BP may, fundamentally, be regarded as good value. The company has vast assets. Outside the Gulf of Mexico it is still busy producing oil, contributing to the company's bottom line.
But - and it's a big but – the PR war is still not won. The Chief Executive, Tony Hayward, cannot even go sailing with his son without causing an incident.
BP has become a day trading stock. Who would have thought it?
The law suits are beginning to emerge and with no dividend for at least the next two to three quarters, a number of the big income funds and pension funds are considering how to react, as they need to be able to pay out to their investors.
It is interesting to see how fundamental analysis and research can go out of the window as the herd instinct takes over and reality is ignored. There is a small part of the Florida coastline where oil has reached the beach and tourists are already cancelling. The frenzy builds up and makes people nervous, and that can feed into the stock.
There are other high-profile cases where companies have seen huge downgrades or been wiped out altogether, so deciding whether BP is cheap at the current price, or if there could be a further fall, is not easy.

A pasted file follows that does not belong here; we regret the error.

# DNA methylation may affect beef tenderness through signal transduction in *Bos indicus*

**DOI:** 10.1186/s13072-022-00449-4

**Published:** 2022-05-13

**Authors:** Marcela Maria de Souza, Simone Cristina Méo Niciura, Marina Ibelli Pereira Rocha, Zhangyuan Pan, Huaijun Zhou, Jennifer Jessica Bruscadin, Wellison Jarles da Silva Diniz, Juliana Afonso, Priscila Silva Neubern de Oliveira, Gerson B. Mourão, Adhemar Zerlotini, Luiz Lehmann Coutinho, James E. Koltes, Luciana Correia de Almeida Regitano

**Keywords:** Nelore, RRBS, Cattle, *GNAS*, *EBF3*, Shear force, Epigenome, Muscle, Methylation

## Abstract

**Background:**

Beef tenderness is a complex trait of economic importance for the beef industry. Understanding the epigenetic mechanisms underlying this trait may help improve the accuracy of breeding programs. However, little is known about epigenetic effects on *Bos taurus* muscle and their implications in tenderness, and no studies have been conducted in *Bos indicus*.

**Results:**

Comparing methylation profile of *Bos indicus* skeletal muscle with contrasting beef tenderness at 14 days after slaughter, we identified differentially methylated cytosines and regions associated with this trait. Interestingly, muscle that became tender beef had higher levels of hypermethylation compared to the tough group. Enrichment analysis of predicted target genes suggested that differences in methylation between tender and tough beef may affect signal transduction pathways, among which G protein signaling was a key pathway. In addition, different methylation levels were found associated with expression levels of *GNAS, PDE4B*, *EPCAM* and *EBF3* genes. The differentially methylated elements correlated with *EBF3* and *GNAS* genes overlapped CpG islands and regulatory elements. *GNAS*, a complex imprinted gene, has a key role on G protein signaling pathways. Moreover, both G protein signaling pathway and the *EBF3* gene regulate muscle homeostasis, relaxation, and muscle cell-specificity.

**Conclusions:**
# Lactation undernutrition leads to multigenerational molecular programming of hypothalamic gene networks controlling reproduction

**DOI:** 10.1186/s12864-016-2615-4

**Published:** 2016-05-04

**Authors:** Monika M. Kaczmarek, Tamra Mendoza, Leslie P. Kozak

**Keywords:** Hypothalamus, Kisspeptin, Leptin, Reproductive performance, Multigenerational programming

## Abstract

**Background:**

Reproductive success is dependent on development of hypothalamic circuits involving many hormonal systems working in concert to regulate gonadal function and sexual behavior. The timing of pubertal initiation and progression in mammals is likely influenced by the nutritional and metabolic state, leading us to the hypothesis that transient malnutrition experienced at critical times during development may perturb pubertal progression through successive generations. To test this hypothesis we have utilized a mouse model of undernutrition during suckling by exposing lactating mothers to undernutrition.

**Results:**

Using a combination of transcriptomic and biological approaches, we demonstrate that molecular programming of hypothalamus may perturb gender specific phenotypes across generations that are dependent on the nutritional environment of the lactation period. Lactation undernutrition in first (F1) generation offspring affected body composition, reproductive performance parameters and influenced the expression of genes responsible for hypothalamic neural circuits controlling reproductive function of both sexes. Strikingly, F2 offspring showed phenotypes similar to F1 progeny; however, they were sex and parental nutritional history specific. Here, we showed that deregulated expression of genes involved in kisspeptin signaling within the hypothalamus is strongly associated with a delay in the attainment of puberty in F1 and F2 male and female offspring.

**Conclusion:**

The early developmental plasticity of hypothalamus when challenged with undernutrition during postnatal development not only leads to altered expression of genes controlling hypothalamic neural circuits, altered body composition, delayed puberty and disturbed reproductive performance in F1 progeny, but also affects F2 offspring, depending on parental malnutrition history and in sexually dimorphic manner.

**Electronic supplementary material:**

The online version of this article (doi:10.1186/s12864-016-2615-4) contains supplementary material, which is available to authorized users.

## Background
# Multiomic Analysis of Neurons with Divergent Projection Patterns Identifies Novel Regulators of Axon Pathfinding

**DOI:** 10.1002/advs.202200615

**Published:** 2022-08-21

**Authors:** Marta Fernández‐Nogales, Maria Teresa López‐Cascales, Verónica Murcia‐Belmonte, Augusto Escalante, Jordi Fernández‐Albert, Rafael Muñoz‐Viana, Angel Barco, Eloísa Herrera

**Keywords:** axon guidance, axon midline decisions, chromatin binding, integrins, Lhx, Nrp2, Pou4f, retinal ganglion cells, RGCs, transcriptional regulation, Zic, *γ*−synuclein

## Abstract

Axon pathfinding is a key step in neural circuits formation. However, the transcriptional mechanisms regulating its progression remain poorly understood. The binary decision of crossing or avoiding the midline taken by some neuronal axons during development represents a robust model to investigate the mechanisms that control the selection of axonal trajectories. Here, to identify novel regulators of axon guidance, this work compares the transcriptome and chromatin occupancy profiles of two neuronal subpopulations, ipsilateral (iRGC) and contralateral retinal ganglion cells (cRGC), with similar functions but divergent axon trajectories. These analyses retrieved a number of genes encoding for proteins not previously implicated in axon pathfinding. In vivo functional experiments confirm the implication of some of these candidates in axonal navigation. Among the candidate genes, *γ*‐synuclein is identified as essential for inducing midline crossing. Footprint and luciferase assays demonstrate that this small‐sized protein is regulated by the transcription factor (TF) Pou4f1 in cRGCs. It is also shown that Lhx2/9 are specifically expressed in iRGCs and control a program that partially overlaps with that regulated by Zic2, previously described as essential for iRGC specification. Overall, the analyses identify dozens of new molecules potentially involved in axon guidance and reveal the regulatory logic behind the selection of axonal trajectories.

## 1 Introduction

On the positive side, the Chancellor's budget was well delivered, far-reaching and pointed to a definite plan to reduce the deficit. The plans are highly ambitious and the proposed cuts are supposed to pave the way for a balanced economy by the end of this Parliament. Coalition nerves are jangling and the Liberals are finding that there is a price to pay for sitting on the front bench.
It will be some time before we know whether the squeeze will strike the right balance between reducing the debt levels and not choking off growth, but in the meantime the City has given a cautious welcome to the proposal and the currency is moving, which is particularly welcome if you are planning a visit to the US.
Outside of the UK, the G20 and G8 meetings allowed world leaders to take different paths for cutting deficits. Bankers continue to get a bad press and George Osborne is leading the way in ensuring that the banks pay more to take their share of the responsibility, which may mean that bonuses will be reduced or paid out over a longer period. This will upset few - apart, of course, from bankers.
The summit gave room for countries to move at their own pace, which certainly acknowledges that there is not one solution for all.